Summing Richard Foster , March 19th, 2020 10:02

Recorded in just one take, this collaboration between The Ex's Arnold de Boer and Oscar Jan Hoogland is a strange, often magical listen, finds Richard Foster

Creation often chooses queer ways to reveal itself. This record, for example, first began to take form a year or so ago in Ghana and Burkina Faso, where Arnold de Boer (aka Zea) and Oscar Jan Hoogland toured as support to those mighty Ghanaians, King Ayisoba and Ayuune Sule. The energy transfer between all these artists must have been a powerful one, as the LP that may document the fruits of the Dutch pair’s experiences, Summing, was recorded in one straight take in the legendary Katzwijm Studios (a vital cog in the Netherlands’ underground scene this last two decades, despite it being a glorified flower bulb shed in a dowdy village). Summing is a strange, often magical listen that seems to have a foot in two worlds.

The opening two pieces, ‘They Often Believe’ and the title track, act as sonic spirits that make us wonder where the narrative thread is. The elements in both are left deliberately loose and disconnected, but over time and repeated plays the two tracks form an invocation that summons up the rest of the record, much like a travelling conjuror beginning a show in a village. In fact their spell only breaks by the third number, ‘You're Dead’ which articulates all the thought forms that have been slipping past us, half seen.

Hoogland and De Boer seem intent on sowing as much confusion as they can. ‘We Lost Our Phone’ is a deceptively simple declamation that allows a segue into the long drawn-out groove of ‘The Little Man on The Stairs’, which is as “organic” as the record gets. Listen out for the squiggly electronic undertow Hoogland creates, which sounds like Pink Floyd’s Rick Wright playing a very, very, tiny organ. ‘Pniek’ follows on in a similar vein, where, upon the crow of a cockerel, a fidgety piano part fences with the dry rattle of the guitar licks.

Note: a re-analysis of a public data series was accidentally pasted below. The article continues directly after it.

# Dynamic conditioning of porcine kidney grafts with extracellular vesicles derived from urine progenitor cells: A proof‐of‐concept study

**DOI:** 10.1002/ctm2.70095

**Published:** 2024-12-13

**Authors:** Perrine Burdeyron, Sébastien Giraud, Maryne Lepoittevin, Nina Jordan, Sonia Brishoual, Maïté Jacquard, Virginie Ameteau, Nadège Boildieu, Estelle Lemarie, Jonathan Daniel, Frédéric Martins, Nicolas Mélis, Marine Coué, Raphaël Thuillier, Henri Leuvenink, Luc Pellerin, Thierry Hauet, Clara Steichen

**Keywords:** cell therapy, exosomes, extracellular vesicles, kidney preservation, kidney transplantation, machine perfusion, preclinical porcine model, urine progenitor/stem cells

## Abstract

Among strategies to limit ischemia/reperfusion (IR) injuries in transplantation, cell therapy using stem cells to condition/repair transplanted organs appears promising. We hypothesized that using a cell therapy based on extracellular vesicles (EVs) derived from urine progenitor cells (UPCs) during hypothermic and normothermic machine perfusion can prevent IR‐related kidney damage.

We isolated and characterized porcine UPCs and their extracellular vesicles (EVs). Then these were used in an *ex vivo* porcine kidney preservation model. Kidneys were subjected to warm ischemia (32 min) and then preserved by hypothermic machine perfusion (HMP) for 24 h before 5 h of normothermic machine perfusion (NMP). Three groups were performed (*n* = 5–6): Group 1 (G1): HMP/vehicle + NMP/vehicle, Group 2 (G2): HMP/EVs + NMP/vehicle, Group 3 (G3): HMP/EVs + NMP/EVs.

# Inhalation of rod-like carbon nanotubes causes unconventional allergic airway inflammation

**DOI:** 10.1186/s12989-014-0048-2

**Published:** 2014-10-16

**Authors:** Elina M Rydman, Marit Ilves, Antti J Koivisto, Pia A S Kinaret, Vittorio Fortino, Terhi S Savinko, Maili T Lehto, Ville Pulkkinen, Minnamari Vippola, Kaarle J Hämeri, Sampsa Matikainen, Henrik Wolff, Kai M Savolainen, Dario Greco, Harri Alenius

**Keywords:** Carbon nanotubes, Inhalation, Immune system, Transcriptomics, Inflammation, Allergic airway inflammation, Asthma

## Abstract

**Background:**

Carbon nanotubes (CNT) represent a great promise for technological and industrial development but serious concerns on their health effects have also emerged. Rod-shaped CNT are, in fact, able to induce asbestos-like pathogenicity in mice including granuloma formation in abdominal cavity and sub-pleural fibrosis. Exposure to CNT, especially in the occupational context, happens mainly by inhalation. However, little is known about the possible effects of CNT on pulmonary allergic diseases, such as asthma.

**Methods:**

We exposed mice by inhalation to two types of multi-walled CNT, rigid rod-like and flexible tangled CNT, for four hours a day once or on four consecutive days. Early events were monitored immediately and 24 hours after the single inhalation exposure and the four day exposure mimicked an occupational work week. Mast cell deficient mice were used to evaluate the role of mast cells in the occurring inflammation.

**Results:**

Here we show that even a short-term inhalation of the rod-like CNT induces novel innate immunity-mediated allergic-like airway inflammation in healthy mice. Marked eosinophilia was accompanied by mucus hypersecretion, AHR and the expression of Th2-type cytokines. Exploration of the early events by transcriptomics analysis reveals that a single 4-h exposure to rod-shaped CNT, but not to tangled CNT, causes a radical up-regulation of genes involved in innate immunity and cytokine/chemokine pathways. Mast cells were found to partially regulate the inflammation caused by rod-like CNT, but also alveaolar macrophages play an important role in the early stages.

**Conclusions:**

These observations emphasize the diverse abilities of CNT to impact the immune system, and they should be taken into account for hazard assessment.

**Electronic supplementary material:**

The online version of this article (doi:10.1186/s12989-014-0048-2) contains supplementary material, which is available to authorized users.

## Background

But, for an artsy record made by two underground apparatchiks dosed up by their experiences with Ayisoba and co., (and who aren’t averse to making a right old din), it’s also a very easy album to listen to. Possibly because you can sense the underlying human warmth in Summing’s message and the fun in its playing. As we know, fun making music breeds a confidence and clear sight, which often leads to surprising results. Take a track like ‘Atomic Heart’, a torch song if ever there was one, the sort of ballad Kim Wilde would have once traded in. Here, though, De Boer and Hoogland have passed up the chance of adding a glitz or any other aural cladding to the song’s construction, happy to reveal the concrete underneath. Note, too, that De Boer’s vocal shows a surprisingly vulnerable side, his wavering tones beautifully backlit by the odd prompt from the piano and electric clavichord.

The confidence to trust the bare, human essentials in the music is a key reason why Summing is such a seductive listen. These tracks seem to come up unseen and tap the listener on the shoulder; and initially obtuse metaphors make wider points courtesy of a clever lick or a simple phrase. The combination of gentleness and bracing honesty is very disarming: a track such as ‘I Never Threw A Stone’ for example can easily create space for contemplation and allow a sensual indulgence in all the odd nooks and crannies of the sound. If ever a record deserved to be heard in its own time, it’s this one.